2nd Grade Reading Comprehension Games

Instructor: Sharon Linde

Sharon has a Masters of Science in Mathematics

Second grade students are becoming more serious readers and beginning to need comprehension skills. This lesson gives you ideas for games you can create to use in your classroom.

Why Comprehension Games?

Second graders can have a wide variety of reading abilities - some are still decoding as they read, while others are diving into more complex text with a plot. Whichever level your second grade students are on, now's the time to start laying the foundation for solid comprehension skills. What does this look like?

For starters, students should start being made aware of strategies good readers use, like making mental images, or asking questions while reading. Additionally, they should be taught literary elements, such as plot, characters, and setting. These and other skills can be directly taught, then supported with whole and small group work, as well as center games. Let's take a look.

Story Elements

Start off directly teaching students the elements of stories, like characters, plot, setting, problem, and solution. Some students may be ready to identify theme or analyze character traits. Once students have practiced with whole and small groups, they'll be ready to apply skills independently. These games can be played in guided reading time or tucked into centers for independent application.

Roll-an-Element

Create a game board for repeated use, or run copies and have students write directly onto a worksheet. The board should coordinate numbers on a die with a story element. For example, roll a one and tell main characters or the protagonist; roll a two and write the settings.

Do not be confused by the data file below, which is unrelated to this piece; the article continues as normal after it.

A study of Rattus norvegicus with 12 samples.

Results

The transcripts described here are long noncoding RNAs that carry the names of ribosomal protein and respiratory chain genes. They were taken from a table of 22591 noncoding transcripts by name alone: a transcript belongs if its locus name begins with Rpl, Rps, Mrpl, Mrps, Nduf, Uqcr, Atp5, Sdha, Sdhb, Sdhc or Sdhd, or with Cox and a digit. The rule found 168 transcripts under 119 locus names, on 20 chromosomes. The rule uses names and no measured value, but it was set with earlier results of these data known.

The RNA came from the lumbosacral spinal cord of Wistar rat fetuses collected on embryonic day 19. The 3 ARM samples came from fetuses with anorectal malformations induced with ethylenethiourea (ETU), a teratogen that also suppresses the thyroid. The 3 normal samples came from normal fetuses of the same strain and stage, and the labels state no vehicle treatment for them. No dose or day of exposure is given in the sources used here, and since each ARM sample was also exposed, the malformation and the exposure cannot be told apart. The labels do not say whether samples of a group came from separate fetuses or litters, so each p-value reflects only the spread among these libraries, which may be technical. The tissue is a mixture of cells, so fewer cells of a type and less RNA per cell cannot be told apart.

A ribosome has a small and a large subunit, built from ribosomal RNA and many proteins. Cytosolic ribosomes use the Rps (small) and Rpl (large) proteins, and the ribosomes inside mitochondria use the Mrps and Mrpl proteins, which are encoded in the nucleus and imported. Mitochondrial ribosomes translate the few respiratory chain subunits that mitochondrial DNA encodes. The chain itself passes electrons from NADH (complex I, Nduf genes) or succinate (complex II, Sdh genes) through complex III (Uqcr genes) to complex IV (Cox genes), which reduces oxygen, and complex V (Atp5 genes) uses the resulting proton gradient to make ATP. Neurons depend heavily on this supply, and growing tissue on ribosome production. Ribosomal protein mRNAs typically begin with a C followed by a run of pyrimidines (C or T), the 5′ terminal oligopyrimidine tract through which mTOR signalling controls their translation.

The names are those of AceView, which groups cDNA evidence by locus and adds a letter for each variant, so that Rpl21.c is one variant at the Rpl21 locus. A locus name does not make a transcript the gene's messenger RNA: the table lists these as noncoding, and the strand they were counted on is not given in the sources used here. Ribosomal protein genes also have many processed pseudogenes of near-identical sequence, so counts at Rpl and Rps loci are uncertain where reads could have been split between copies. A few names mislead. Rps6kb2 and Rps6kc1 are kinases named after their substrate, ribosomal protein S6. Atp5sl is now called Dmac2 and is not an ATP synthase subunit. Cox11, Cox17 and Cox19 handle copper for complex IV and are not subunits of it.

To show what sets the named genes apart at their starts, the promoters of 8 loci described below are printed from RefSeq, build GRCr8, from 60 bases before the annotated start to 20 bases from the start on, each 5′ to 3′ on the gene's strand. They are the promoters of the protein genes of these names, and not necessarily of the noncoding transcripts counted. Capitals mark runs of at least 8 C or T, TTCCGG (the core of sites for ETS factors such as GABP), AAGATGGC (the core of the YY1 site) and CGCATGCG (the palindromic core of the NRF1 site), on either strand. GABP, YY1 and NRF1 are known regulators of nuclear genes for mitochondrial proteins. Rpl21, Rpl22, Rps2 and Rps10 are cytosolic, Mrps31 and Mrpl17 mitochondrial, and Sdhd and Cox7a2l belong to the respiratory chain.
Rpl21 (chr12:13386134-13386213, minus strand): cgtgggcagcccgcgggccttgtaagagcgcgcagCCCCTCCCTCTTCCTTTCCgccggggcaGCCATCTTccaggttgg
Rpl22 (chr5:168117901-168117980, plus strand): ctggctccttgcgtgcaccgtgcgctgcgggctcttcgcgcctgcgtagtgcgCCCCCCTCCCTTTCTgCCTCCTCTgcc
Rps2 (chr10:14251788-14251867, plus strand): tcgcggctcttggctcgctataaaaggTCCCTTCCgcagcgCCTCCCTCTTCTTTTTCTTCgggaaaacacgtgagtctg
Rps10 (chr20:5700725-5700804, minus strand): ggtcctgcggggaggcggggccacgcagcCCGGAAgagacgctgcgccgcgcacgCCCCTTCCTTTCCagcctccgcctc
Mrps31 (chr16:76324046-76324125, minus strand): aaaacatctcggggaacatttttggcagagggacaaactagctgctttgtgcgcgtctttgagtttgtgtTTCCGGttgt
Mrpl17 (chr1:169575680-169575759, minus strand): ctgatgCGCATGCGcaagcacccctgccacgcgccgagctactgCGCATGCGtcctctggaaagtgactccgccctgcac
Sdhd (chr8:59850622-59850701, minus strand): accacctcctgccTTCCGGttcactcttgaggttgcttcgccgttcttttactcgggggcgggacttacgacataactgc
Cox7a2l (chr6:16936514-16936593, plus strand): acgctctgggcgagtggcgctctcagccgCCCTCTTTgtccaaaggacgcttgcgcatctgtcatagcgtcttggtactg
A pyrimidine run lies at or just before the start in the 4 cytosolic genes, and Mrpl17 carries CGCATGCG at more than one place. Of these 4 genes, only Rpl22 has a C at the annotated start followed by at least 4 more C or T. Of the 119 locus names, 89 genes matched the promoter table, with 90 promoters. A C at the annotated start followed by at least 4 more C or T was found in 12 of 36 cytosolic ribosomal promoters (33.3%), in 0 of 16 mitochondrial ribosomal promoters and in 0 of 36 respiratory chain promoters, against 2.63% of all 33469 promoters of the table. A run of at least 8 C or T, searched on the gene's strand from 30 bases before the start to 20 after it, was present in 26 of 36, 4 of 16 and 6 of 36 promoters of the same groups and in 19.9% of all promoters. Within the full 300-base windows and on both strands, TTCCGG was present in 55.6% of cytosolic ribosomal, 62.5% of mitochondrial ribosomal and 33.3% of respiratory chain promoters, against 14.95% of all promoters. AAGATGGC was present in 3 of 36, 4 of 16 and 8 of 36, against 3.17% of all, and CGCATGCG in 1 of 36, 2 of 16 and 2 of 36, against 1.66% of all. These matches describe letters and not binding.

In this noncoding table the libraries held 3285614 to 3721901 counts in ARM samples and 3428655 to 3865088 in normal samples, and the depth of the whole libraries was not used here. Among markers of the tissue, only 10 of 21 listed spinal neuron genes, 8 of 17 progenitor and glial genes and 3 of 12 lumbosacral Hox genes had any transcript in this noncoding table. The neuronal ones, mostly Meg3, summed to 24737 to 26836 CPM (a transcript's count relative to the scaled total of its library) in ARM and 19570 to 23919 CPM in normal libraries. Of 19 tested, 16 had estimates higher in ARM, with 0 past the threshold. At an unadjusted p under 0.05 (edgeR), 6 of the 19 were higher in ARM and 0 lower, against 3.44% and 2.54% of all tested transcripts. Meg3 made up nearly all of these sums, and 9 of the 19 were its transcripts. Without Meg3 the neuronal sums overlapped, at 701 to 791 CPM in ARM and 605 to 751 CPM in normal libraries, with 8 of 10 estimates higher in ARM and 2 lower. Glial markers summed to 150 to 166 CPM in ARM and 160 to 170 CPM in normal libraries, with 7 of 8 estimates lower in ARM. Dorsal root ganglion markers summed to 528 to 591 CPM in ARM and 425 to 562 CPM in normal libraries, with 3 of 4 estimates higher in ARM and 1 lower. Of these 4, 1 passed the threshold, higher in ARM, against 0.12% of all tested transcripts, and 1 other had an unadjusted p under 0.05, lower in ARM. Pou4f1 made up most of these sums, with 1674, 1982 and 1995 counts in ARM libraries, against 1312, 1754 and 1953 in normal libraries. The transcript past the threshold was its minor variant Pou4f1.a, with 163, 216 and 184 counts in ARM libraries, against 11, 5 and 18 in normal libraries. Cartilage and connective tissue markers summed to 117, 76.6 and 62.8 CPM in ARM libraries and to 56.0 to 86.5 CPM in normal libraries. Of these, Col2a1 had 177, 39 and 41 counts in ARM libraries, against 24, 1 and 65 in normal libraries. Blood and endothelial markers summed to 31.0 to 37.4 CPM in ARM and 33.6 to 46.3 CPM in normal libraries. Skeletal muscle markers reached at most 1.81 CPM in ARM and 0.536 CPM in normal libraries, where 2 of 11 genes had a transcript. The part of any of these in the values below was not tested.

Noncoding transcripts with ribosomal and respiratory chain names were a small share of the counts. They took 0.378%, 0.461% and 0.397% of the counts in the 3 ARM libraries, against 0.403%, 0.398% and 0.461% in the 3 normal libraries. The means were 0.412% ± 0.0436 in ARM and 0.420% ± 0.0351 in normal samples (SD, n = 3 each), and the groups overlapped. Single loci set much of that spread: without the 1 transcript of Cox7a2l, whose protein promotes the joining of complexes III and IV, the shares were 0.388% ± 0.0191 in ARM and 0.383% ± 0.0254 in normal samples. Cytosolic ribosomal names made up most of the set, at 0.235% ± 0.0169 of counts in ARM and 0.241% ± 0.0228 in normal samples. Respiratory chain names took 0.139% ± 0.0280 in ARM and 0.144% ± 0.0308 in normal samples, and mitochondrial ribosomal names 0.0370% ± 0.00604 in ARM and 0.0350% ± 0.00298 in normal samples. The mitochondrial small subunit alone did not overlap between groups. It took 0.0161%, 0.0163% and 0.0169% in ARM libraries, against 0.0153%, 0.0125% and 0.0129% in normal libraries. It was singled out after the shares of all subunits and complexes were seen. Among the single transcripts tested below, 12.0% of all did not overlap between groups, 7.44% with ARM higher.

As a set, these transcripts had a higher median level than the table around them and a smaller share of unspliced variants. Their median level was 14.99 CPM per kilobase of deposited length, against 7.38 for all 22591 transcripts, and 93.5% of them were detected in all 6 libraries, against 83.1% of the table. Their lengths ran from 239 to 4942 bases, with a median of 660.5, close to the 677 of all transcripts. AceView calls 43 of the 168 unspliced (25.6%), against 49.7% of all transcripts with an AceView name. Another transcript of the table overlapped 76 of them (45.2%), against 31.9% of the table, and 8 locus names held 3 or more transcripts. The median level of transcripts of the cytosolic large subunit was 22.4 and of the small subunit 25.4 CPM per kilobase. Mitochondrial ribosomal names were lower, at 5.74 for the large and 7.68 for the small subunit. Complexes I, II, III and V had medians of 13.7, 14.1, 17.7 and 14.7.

Using a familiar story or recently read book, students can play as a group, passing the dice, or independently, rolling until all story elements are filled in.

  • Variation - Allow students to work as a group, each filling out the section for the number rolled. Make sure all students' names are on the recording sheet.

Element Jars

After teaching story elements, fill empty glass or plastic jars with rice. Write story elements on small pieces of construction paper and laminate, then cut out. Place these in the jar of rice, then screw the lid on tightly. Students shake the jar to uncover a story element, then write or tell that element for the story they're reading.

  • Variation - Level jars and color code; for example, a yellow lid can mean basic story elements, a red lid more advanced. This way students are working on their developmental level.

Hot-Potato-Tell

Use any type of ball or object for the hot potato and have students take turns being the music magician (the one in charge of stopping and starting the music.) Students play by reading a story, then sitting in a tight circle passing the potato. When the music stops, the student holding the potato tells a story element and the music magician records it before resuming play.

  • Variation - To play independently, label the potato object with story elements. Students toss from right to left hand; when the music stops, the word touching the pointing finger is the element to tell or write.

Retelling Games

Students in second grade should start discriminating between main idea and supporting details. Help them navigate this terrain by playing some simple retelling games.